This blog comes from Caroline Walerud, a natural scientist turned deep tech entrepreneur and investor. She is Co-Founder and Executive Chair at Volumental, a company with a mission to build a world that fits through 3D and AI technologies within consumer retail. She is also Partner at Walerud Ventures, a deep tech pre-seed investment firm focusing on planet positive companies. She recently spoke at a Women Rock-IT event. To hear more from Caroline, click here to view the video on demand.
I was in a shoe store in Italy, but could find not a single pair of women’s sandals big enough for me. I was only nine years old, and already felt like a monster in shoe stores. Since then, I’ve sported mostly men’s shoes, accompanied by countless blisters.
Check out these feet. They are all the same length. But do you think these feet will be happy in the same shoes?
Finding a solution that fits
Shopping today is broken. People browse endlessly for products that might fit them, often leaving empty-handed. E-commerce purchase returns are skyrocketing. Brands are discovering that some shoe models don’t fit any real feet at all. Despite the seemingly endless choices, it’s hard – sometimes impossible – to find the right fit.
And, as a consumer, it’s hard to avoid the nagging thought that the problem is my misshapen body, not the unforgiving system.
Volumental changes that system. We solve a problem that is big and painful (like my large feet). Instead of mass production, we make personalization scalable. We’ve already helped six million people understand their feet and point them to products that will fit them correctly. We are live in 40 countries, with customers like New Balance, Bauer Hockey, Fleet Feet, and Wintersteiger. And we are the standard tool for footwear research and development. Our customers call us “The Moneyball of Feet” and we have published our footwear research in Nature Magazine. Find more illustrations and customer testimonials on our website.
Our product ensures that retail becomes highly personalized and efficient, no matter your body shape or individual preferences. We’ve already helped 6 million people – that’s 12 million happier feet! And our goal is one billion happier feet by 2025. With the world’s biggest database of feet, we also help improve shoe design, manufacturing, inventory, and logistics, and reduce purchase returns.
We are building a world that fits you.
How did I get here?
We started in 2012 with four founders. Alper Aydemir, Miroslav Kobetski, and Rasmus Göransson – three awesome PhD students in computer vision and AI, and me, acting as the CEO. I was 22 years old.
Since then, we have grown the team to 45 wonderful foot and fit nerds. I am so proud of what we have built together.
People react with surprise when they hear I didn’t have a tech background or even the business idea. But I still managed to build a successful deep tech start-up, becoming cofounder and CEO, at 22 years old.
This journey was not insurmountable, but was instead made up of many manageable steps. Here’s how I did it:
1. Find a hard and important problem to solve.
Solving problems is hard work. By choosing a problem that really matters, you and your team have more purpose and are more resilient. By choosing a problem that is hard, each solution you find makes it harder for the competition to catch up.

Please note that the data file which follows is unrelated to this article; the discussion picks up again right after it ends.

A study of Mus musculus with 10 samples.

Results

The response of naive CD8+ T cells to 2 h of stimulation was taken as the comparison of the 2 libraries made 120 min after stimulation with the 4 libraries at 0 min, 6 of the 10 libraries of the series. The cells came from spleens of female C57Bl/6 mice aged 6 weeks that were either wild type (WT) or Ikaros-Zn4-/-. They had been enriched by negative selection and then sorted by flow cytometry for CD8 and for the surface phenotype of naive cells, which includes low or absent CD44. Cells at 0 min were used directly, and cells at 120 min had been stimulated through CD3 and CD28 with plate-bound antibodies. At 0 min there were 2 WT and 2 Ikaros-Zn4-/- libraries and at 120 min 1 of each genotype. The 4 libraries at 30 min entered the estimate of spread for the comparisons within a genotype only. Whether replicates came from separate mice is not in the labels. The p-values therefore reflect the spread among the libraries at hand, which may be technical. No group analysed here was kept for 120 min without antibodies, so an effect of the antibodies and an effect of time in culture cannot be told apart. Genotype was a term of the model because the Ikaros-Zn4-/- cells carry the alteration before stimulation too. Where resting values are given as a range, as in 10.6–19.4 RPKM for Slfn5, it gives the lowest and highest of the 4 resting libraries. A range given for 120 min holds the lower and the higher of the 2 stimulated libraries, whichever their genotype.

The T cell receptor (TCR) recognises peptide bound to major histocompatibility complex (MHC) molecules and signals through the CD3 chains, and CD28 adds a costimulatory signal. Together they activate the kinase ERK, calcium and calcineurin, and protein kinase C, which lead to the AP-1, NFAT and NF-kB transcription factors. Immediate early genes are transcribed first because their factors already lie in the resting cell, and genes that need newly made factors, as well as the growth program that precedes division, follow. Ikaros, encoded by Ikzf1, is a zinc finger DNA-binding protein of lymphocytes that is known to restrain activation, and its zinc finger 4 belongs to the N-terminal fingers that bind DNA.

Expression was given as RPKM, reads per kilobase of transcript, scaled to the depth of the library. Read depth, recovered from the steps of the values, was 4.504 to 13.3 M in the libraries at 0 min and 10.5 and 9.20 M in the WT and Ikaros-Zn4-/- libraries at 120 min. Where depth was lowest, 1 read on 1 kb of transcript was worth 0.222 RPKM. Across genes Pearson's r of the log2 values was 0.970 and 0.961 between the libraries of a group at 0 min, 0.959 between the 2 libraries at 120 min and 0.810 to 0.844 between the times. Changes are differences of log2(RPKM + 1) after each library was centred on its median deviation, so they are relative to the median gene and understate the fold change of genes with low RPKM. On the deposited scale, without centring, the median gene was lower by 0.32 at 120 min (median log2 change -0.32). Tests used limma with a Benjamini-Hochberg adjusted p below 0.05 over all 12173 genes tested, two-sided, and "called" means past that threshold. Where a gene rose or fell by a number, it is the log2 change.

2.Learn transferable skills.
People are surprised that I did three years of hardcore science at university and didn’t take a single business or coding course. But learning at International Baccalaureate High School and then Natural Sciences at Cambridge University taught me how to work hard and efficiently, how to design experiments and interpret data, and how to communicate. If you throw yourself into the most interesting and challenging things you come across, you’ll have a great base to build from.
3.Learn by doing.
I’ve been an entrepreneur since age 14, when I started a sourdough bread bakery. Or, you can also learn, like I did, from larger companies. I joined my friend’s dad’s start-up as his first employee. There, I dealt with the earliest stages of business development hands-on. I didn’t have much formal experience, but that just meant that I improved with each iteration and found answers for each need as it popped up.
4.Find a great team.
I knew I wanted to join a start-up, but didn’t have my own ideas or the tech skills to code it. I asked local universities if they knew of any great tech ideas that needed a business co-founder. In October 2012, I met my co-founders for the first time – they were so smart and fun! The next day I suggested I work half-time for free for a few weeks, and then if we got along I’d join the founding team. A month later, we had written the first shareholders agreement. And by December 2012, we had registered Volumental AB. (Similarly, if you are a tech person find your complement at business start-up events).
5.Ask for help.
Volumental joined the Sting.co incubator, which coached us along each step of the company-building process. I’ve leaned on mentors. More recently, we’ve supercharged our strategy through bringing in an advisory board with senior executives from Nike, Tesla, and Google.
Get customer feedback as early as possible, since it will help you build the right product for your target customers. You also need to communicate (a ridiculous amount) internally, to make sure everyone is aligned to the same vision and to catch fires before they explode the whole company. Companies fail because of team issues more than product issues.
So, go out and dare try to solve your chosen problem! To do that you need to soak up skills, find a great team, ask for help, and communicate clearly. If enough of us choose to solve important problems, we can improve our world one small step at a time. I hope we create rings on the water.